Watching Vanessa Redgrave submerge herself in a role is a little like watching someone drown, so total is her immersion into character. Her self-sacrifice in this Rattlestick presentation of “The Revisionist” is not in vain, because scribe-thesp Jesse Eisenberg has written her a worthy alter-ego as a Holocaust survivor. The scribe based the character on a distant relation and here takes the part of a callow American youth who hopes to rid himself of writer’s block by staying with his cousin in Poland. The kid’s too much of a jerk and the situation too contrived … but, ah, that Redgrave!
Although it’s hard to tear your eyes from Redgrave, John McDermott’s realistically cluttered set is carefully designed for distraction. Like the dated furniture, open shelving and exposed closets are realistic touches for a small apartment in a Polish city on the Baltic Sea. But the most telling detail is the groupings of family photographs, especially the obviously precious selection hanging over the neatly made bed.
If there’s any doubt that a lonely old woman lives here, it’s made clear in the enthusiastic way that Maria (Redgrave) welcomes David (Eisenberg), a young cousin from New York, into her home. The look she gives this sullen kid, after coaxing him out from under his hoodie, is rapturous, and her attempts to talk to him in her fractured English are genuinely touching, even when they’re funny. (“My English is sometimes like cows.”)
In anticipation of David’s visit, Maria has given up her bedroom, cooked him a chicken (a great sacrifice for her, we later learn), and arranged for a city tour with her taxi-driver friend, Zenon, a very rough diamond, indeed, in Daniel Oreskes’ sweet and scary perf. But although the old woman’s fussing can be a bit stifling, David’s rudeness is inexcusable. This kid is cold! He turns his nose up at the chicken (he’s a vegetarian), brushes off her inquiries into his life, and can’t even be bothered to pass on the family news she’s dying to hear.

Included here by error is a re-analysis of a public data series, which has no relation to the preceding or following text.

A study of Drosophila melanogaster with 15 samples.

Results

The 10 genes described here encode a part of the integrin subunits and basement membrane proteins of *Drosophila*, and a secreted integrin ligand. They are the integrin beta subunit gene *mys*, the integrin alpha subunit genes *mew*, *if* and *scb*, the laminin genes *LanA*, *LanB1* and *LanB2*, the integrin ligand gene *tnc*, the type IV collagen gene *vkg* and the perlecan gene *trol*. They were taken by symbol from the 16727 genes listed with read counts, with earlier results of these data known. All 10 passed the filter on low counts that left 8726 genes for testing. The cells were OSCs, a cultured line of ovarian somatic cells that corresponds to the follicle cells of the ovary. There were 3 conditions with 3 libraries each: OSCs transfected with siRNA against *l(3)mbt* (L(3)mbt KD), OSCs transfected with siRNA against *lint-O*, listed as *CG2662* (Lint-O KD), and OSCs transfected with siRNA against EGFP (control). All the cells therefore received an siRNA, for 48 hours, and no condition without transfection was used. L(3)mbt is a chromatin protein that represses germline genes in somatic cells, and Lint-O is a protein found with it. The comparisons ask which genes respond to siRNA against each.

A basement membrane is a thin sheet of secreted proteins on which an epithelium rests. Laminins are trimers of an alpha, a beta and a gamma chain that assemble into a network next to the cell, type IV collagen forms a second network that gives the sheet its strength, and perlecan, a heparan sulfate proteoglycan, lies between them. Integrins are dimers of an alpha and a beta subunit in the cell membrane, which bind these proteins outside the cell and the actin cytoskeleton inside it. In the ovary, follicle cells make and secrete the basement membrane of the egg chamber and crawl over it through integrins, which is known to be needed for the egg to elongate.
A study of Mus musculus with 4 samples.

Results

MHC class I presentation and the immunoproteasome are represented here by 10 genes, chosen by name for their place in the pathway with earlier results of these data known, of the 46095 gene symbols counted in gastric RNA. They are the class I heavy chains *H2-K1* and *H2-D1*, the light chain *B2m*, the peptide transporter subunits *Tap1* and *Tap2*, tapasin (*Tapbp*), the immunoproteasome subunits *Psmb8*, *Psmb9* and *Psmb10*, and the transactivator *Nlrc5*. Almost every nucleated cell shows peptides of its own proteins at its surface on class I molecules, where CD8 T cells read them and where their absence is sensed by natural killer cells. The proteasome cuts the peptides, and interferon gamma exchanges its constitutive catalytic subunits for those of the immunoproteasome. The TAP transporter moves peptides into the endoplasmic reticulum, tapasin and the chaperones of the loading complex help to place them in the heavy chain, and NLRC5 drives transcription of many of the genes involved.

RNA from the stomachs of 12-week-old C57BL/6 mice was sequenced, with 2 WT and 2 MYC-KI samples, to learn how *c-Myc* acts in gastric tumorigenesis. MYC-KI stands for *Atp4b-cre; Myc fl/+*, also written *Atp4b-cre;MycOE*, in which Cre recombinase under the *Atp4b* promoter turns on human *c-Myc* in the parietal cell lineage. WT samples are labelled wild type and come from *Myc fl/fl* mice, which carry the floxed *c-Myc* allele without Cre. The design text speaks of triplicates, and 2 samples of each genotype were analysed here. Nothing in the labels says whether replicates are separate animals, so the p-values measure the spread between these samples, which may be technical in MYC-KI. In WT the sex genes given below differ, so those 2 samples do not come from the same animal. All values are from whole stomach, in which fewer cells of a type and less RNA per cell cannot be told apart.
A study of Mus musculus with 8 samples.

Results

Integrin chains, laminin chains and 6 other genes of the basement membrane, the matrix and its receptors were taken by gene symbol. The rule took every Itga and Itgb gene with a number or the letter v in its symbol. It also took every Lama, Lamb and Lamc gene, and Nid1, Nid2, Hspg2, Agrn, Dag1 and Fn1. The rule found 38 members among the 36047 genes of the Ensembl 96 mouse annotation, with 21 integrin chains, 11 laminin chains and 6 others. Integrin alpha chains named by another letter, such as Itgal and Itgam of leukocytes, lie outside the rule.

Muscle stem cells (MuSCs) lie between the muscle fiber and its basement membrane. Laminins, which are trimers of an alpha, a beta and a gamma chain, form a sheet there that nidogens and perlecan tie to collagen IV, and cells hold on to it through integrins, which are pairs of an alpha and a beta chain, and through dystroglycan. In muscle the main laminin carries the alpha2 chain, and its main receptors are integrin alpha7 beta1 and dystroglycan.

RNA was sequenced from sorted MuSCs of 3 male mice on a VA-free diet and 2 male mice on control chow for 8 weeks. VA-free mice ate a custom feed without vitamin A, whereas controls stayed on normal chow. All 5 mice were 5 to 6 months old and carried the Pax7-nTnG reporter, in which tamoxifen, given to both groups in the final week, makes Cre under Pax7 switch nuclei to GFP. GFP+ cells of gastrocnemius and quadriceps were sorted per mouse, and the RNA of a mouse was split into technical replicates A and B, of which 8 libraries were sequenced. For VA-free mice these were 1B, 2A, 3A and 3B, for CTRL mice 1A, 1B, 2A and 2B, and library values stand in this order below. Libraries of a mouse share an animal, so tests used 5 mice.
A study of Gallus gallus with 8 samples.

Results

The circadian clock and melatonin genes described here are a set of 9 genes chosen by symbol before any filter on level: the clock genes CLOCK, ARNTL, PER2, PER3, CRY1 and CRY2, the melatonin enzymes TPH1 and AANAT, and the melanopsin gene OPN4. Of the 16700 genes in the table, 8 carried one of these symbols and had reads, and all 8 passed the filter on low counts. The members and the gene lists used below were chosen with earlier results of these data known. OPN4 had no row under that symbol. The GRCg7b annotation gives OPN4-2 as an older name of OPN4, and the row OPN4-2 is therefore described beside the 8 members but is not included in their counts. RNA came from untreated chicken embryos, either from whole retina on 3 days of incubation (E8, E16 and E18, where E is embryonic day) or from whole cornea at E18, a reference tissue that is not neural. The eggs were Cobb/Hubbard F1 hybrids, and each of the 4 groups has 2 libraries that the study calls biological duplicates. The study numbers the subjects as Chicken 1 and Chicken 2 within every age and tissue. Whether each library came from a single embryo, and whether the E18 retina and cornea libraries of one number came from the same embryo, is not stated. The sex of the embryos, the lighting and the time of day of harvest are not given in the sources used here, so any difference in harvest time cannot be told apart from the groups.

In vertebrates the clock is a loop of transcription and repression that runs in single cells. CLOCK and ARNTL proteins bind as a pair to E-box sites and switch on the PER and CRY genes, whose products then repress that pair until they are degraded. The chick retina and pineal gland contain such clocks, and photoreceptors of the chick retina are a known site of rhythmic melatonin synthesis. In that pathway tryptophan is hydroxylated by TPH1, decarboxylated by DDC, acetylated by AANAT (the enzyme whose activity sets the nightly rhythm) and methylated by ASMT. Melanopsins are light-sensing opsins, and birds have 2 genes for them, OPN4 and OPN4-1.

All this visitor wants to do is keep to “his” room, smoke hashish, and brood over the unfinished manuscript he’s brought with him. Eisenberg has had plenty of experience playing brainy, twitchy, narcissistic twentysomethings. But for some reason, here he seems to feel that he should flagellate himself to make amends for all those selfish brats.
Although David is too insensitive to notice, Maria has a terrible secret — and no one to share it with. The scribe eventually gets to it, in a well-written, emotionally wrenching scene that helmer Kip Fagan handles with admirable restraint. It’s uncanny the way that Redgrave even manages to subdue her strong physical features for this death-defying scene. That straight spine, the generous hands, those penetrating eyes — everything comes under the control of that mesmerizing voice.
For once in his selfish life, even David comes under the spell of Maria’s truth-telling. But by then, it’s just too late for this ugly American child.